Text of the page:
A scene from Schooling the World: The White Man's Last Burden. The film is getting a world premiere at VIFF.


Through a convergence of new and repeat films, there are a lot of very good documentaries at VIFF today. Get set to attack two nearly sacred cows, meet two BC athletes and one artist and shudder at one harrowing film related to the Holocaust. If you look hard, you can also find some lighter fare. New films first, then the repeats.




DAY 11 Sunday Oct 10



SCHOOLING THE WORLD: This is surely the most radical documentary at VIFF this year. It dares to challenge one of our most cherished beliefs, that education is always good. For instance, the international effort called Education for All is said to be improving the situation of poor people around the world. It will help lift them out of poverty and give them a chance to share in the benefits of modern life. This film argues it has actually increased poverty, stripped people of their identity and created a mass of consumers for the good of corporations. Provocative stuff spoken by several experts including Wade Davis, the anthropologist and writer, formerly at UBC, now in Washington with National Geographic. Includes many scenes from traditional societies. This is the film’s world premiere. (Also screens Tuesday) 4 out of 5



WINDFALL: Now I understand why some people oppose wind power as an energy solution, as happened recently in Oregon and some time ago on Vancouver Island. This film looks at a small community in upstate New York where a company proposed to build windmills to generate power.

The area is mostly farmland, so with plenty of space and wind, it's a no brainer. Not so fast, there, somebody said. Others joined in and the town was split. Old friends weren't talking to each other and a hot election ousted the local council. People feared noise, a cluttered-looking horizon and a strobe effect called “shadow flicker” which is clearly shown in some dramatic film. They also objected to tactics of the energy companies who they called “modern day carpetbaggers.” Very interesting stuff in a lively film. (Also screens Wednesday)  3 ½ out of 4

A FILM UNFINISHED: In May 1942, a German film crew entered the Waraw Ghetto and started documenting life on the street, in houses and offices. They compiled a rough edit and then abandonned the project. Parts of that footage have shown up in documentaries about the Jews of Warsaw. This film with the help of some outtakes discovered later, diaries, letters and memories of survivors tells a far more scary story. Many of the scenes were staged.  Some were filmed over again. The people were directed.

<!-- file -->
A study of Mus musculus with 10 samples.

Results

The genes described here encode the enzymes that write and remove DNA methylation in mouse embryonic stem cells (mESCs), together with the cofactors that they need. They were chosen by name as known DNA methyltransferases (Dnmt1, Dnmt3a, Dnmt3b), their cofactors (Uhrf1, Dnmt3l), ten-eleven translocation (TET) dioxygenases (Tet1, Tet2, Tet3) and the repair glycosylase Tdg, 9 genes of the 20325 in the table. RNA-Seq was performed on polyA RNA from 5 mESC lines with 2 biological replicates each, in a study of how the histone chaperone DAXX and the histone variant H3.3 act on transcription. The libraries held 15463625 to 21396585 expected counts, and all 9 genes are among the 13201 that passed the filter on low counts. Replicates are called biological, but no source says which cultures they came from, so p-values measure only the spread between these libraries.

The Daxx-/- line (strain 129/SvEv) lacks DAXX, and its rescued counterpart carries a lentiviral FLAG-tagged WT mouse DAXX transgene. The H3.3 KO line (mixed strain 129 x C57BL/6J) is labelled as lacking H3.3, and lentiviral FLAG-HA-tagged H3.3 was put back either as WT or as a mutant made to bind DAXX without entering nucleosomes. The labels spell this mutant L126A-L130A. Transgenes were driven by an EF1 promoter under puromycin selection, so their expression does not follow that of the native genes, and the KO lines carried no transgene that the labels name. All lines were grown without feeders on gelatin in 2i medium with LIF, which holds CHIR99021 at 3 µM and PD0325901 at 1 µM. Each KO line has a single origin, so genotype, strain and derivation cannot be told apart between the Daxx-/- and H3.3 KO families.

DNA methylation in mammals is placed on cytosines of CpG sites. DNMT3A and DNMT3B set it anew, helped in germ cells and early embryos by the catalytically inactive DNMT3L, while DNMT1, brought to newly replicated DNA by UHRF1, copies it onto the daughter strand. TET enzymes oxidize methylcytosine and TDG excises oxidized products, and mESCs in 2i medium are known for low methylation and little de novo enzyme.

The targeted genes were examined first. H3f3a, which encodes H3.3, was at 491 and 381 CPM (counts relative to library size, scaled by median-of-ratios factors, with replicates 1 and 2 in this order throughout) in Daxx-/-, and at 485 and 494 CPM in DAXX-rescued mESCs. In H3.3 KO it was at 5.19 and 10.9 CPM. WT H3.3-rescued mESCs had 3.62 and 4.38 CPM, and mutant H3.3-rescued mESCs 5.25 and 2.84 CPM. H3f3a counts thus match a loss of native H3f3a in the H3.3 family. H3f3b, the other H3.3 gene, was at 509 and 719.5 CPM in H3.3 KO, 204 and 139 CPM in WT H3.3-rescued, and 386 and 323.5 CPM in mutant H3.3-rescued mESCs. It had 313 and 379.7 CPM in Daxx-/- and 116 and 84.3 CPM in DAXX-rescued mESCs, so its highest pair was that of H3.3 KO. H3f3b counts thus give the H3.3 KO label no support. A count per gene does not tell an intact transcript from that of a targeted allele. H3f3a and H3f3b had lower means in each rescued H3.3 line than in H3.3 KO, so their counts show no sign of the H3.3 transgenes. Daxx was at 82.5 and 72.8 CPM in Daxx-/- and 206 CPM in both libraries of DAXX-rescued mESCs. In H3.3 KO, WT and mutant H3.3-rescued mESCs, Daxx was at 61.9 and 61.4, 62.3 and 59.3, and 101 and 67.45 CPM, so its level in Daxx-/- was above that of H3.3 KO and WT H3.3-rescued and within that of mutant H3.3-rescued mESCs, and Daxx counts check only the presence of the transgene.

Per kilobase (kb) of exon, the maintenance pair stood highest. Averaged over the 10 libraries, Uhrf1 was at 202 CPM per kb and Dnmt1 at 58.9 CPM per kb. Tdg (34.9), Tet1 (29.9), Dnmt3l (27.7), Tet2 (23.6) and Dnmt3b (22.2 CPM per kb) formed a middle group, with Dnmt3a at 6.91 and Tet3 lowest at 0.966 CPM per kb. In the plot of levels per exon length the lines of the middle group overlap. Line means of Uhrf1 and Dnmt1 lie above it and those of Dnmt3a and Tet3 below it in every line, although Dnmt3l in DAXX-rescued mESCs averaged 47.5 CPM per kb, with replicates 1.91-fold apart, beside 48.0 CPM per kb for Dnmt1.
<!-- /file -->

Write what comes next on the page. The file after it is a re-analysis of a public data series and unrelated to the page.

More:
Isreali director Yael Hersonski explores the facts like a mystery and can only speculate why that film was made and then never finished. But the film she has assembled, which includes much of the footage, readings from testimony by the cameraman who shot it and present day clips of survivors watching it, is a bone-chilling look back at both the horror of the ghetto and the creation of propoganda. (Also screens Wednesday)  4 out of 5

ANOTHER YEAR: Mike Leigh is improvising again in this comedy-drama about everyday life. Just that. No plot, no story arc but many small dramas set in an endless wheel as the seasons go round.

Jim Broadbent and Ruth Sheen play a happily married couple in North London who are regularly visited by their emotionally-needy friends and family. They include a 30-year-old son unhappy that he is still single, an overweight friend worried about his appearance and a middle-aged secretary who drinks and bemoans her loneliness. The hosts listen to their stories and help when they can. Exactly as you might do for friends who drop over now and then. Critics have said this subtle character study with its mixture of humor, sadness and  caring is Leigh's best work since Secrets and Lies. (Also Monday and Wednesday)

INTO THE WIND: There's a more complete picture of Terry Fox in this film than any I've seen before. He was stubborn. "You couldn't win an argument with him," says his father. He pushes himself dangerously on his Marathon of Hope. He believes in himself. He gets grumpy. He yells at a reporter on the phone. All these and more come out through memories from the people who were close to him, many choice archival clips and most of all through his diary. They give us an intimate entry into what he was thinking every day. "If I die, I'll die happy doing what I want to do," he says at one point. Amazingly it's not his death nor his ending the cross-country run that's the most emotional part of this documentary. It's when he arrives in Scarborough, Ontario and a huge crowd is there to cheer. That's when he finally saw he was making an impact. Steve Nash and his cousin Ezra Holland did a very good job with this film. (Also screen Tuesday)  4 out of 5

More in New Movies

Disney wildlife times two, a blast at American politics and a traumatic teen drama

Also a couple of small but amiable comedies, one of them Canadian

More streaming ideas take you to Brazil, low-life China and two Jesse Eisenberg films

As well as a cleverly-plotted trip to Barcelona thanks to Netflix

Movie theatres are shut down, so what’s streaming?

Some modest recommendations and stay for the last one, an alarm about what has happened to the internet.